How to Grow and Propagate Rosemary from Cuttings

The article gives details on how to grow and propagate rosemary from cuttings in water and soil, when to take cuttings and how to save a dying rosemary plant. Rosemary is very easy to grow from cuttings. It is a hardy plant that thrives in full sun. The rosemary cuttings can be propagated in soil and water in 4-5 weeks, as I have rooted many rosemary cuttings in water and soil in Sydney, Australia and produced new rosemary plants and gifted to my friends and relatives.

Although rosemary can be grown from seeds, it is easier to grow from sprig.

Rosemary plant grown from a cutting
Rosemary plant grown from a cutting

Rosemary Propagation From Cutting

For growing rosemary from a cutting, the first important step is to take proper cuttings.

Taking Cuttings

Rosemary cuttings root quite easily, provided you take correct type of sprigs at correct time. Summer is the best time to take rosemary cuttings for propagation.

Softwood green cuttings from the newly grown rosemary branches root easily and fast, while semi-hardwood cuttings may also root but take longer time. The roots grow more easily from nodes on a softer green stem.

If your rosemary cuttings are not rooting, the reason is probably the stem cuttings are too old, woody and hard.

Take 4 to 6 inches long cuttings from the top of a soft newly grown branch just below a leaf joint using using a sharp knife. You may take multiple cuttings from the same branch so long as they are soft.

Shorter 2 to 3 inch long cuttings will also root.

The good thing is that if you don't have access to a rosemary plant to take cuttings, you can use cuttings from supermarket or grocery store to grow them.

Prepare the Cuttings

Remove the lower leaves, and apply the rooting hormone at the cut end and the 1 inch of the cut end including the node. You can use either commercial chemical rooting hormone gel or powder or use natural hormones like aloe vera or honey.

Growing Cuttings in Soil

Planting Cuttings

The rosemary cuttings can be planted directly into the garden or a pot, but it is better to first root them in a small container, as shown below:

Take a small pot which has many holes at its bottom to drain water. Fill this pot with seed-raising potting mix or succulent and cactus potting mix or make your own by mixing potting soil with river sand or perlite in equal amount. The sand makes the soil mix free-draining.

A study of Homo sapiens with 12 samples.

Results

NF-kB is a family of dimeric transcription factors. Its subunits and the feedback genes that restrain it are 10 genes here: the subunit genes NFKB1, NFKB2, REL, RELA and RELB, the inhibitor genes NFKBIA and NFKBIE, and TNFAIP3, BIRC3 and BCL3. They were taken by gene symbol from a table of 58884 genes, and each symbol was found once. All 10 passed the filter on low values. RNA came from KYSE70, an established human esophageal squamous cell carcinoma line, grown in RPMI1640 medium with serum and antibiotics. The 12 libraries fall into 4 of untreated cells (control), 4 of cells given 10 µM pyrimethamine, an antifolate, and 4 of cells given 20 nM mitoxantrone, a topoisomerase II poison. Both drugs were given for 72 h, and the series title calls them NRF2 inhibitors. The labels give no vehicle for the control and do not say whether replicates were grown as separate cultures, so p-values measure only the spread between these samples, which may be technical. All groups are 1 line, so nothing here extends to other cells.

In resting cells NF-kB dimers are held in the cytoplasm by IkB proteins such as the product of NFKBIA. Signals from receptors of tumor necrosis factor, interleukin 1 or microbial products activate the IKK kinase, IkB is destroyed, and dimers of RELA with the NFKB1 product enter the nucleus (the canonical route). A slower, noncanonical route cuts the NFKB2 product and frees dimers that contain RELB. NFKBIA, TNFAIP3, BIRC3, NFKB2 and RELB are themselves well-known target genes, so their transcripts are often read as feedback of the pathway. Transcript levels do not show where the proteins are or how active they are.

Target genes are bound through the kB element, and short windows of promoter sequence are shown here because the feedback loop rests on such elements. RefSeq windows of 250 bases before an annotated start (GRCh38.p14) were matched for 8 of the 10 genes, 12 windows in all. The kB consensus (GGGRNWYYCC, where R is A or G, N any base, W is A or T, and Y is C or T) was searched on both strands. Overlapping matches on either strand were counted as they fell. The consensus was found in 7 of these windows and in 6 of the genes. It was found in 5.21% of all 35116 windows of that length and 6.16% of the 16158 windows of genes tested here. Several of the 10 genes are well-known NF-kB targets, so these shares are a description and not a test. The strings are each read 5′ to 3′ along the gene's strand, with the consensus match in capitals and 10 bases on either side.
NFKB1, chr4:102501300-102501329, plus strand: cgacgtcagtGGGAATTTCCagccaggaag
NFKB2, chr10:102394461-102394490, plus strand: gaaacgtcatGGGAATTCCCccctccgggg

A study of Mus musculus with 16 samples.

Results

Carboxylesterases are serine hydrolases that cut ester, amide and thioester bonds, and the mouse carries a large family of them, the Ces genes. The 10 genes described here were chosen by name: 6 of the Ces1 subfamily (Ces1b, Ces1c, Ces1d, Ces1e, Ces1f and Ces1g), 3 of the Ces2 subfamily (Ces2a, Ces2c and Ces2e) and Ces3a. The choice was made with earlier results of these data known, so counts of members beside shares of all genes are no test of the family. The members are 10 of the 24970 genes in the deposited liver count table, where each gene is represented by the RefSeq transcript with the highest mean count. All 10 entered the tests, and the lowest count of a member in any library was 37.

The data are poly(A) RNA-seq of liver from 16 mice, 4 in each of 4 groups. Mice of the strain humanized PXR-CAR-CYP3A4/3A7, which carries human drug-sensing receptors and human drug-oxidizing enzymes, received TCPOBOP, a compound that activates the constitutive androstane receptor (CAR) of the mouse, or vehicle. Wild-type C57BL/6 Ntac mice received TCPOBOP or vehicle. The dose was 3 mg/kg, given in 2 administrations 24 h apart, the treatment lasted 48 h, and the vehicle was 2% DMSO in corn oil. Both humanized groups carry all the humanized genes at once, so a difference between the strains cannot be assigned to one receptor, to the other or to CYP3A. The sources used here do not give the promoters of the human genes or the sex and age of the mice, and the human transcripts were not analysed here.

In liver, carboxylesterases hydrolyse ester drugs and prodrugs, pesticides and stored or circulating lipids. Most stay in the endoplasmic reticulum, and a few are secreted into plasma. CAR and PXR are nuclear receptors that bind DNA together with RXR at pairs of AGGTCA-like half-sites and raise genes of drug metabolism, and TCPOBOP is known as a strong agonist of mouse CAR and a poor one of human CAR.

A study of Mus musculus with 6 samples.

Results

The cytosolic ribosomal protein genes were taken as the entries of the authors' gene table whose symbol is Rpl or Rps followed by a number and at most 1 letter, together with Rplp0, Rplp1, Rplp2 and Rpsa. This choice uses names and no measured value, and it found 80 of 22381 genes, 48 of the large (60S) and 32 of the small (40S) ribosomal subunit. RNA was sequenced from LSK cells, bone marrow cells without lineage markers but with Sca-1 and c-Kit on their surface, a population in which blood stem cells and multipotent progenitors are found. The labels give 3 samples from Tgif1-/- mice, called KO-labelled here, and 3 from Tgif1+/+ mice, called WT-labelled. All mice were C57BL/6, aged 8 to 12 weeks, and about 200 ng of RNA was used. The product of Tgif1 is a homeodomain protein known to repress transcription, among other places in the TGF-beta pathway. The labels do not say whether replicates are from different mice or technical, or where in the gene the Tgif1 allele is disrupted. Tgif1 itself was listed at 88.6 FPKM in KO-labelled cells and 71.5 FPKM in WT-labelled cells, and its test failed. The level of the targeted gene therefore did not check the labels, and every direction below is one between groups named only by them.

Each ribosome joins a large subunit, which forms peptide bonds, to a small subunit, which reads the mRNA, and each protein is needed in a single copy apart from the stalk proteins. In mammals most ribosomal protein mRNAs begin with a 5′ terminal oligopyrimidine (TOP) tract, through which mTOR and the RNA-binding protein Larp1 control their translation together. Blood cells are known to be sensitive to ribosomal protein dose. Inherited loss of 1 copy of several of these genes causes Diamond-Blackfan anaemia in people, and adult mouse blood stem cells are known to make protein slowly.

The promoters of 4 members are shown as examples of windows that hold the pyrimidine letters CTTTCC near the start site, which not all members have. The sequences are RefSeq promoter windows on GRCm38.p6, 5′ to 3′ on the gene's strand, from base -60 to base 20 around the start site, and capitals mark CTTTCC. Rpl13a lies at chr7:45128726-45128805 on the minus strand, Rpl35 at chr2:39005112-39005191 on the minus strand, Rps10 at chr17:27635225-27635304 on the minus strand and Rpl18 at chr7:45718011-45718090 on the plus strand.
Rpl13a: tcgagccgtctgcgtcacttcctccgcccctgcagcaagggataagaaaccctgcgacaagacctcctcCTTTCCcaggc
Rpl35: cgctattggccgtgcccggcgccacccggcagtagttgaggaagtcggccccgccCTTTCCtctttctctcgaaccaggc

Water the soil well so that it is moist at all points. Place the pot in shade for half an hour to drain excess water.

Make a hole in the soil with a stick and insert the cutting in it such that at least one node is nod is in soil.

Firm the soil around the cutting. You may plant more cuttings in the same pot.

DO NOT water again as the soil is already damp, and too much water is not needed as there are no roots.

Put the pot in a Ziploc bag or a polythene bag.

Place the pot at a warm and bright spot, away from direct sun light. If you live in a colder region, then place it indoors.

Open the bag every week and check the soil. Spray some water if soil looks dry and close the bag again.

The cuttings will root in a few weeks, depending on the temperature and age of cuttings. Softer cuttings root faster than wood cuttings.

Growing Cuttings in Water

The rosemary cuttings can be rooted in water easily. Just place the cuttings as prepared above in a clean glass filled with water. Optionally, you may apply some aloe vera gel or honey at the cutting end before putting it in water. The aloe vera gel acts as a natural rooting hormone, this will encourage roots grow quickly.

Place the glass in a sunny spot. Change the water in 3-4 days.

In a few weeks, you will see roots developing.

Once strong roots have grown, transplant the rooted cuttings into the garden or a container.

Rooting the rosemary cuttings in water produce roots faster, but you have to transfer them to soil for stronger plants.

Care For New Rosemary Plants

Sunlight: Place the pot in full-sun where it can get 6-8 hours of direct sunlight daily. The plant does not tolerate shade. If growing indoors, place it near a south-facing window or use grow lights to provide supplemental light. This trick will help your rosemary plant to grow well indoors.

Soil: It prefers well-draining soil. Its roots don't like wet conditions for long, so standing water in soil will rot roots and the plant may die. It is therefore vey essential that the soil should be free-draining. For this add perlite or river sand in the potting soil. Overwatering is another reason for root rot and death of plant.

Saving a Dying Rosemary Plant

If you see that your rosemary plant is turning brown and dying in spite of taking care of soil and watering, don't worry, do the following to revive the plant:

Move the pot away from hot or cold air in your home. Relocate the plant in a sunny place where it receives sunlight for at least 6 hours daily.

Repot the plant. Take out the plant from the pot and remove the dead roots. Cut the roots by 25% and replace 25% potting mix with fresh soil.

The dying plant will begin new growth in 4-5 weeks.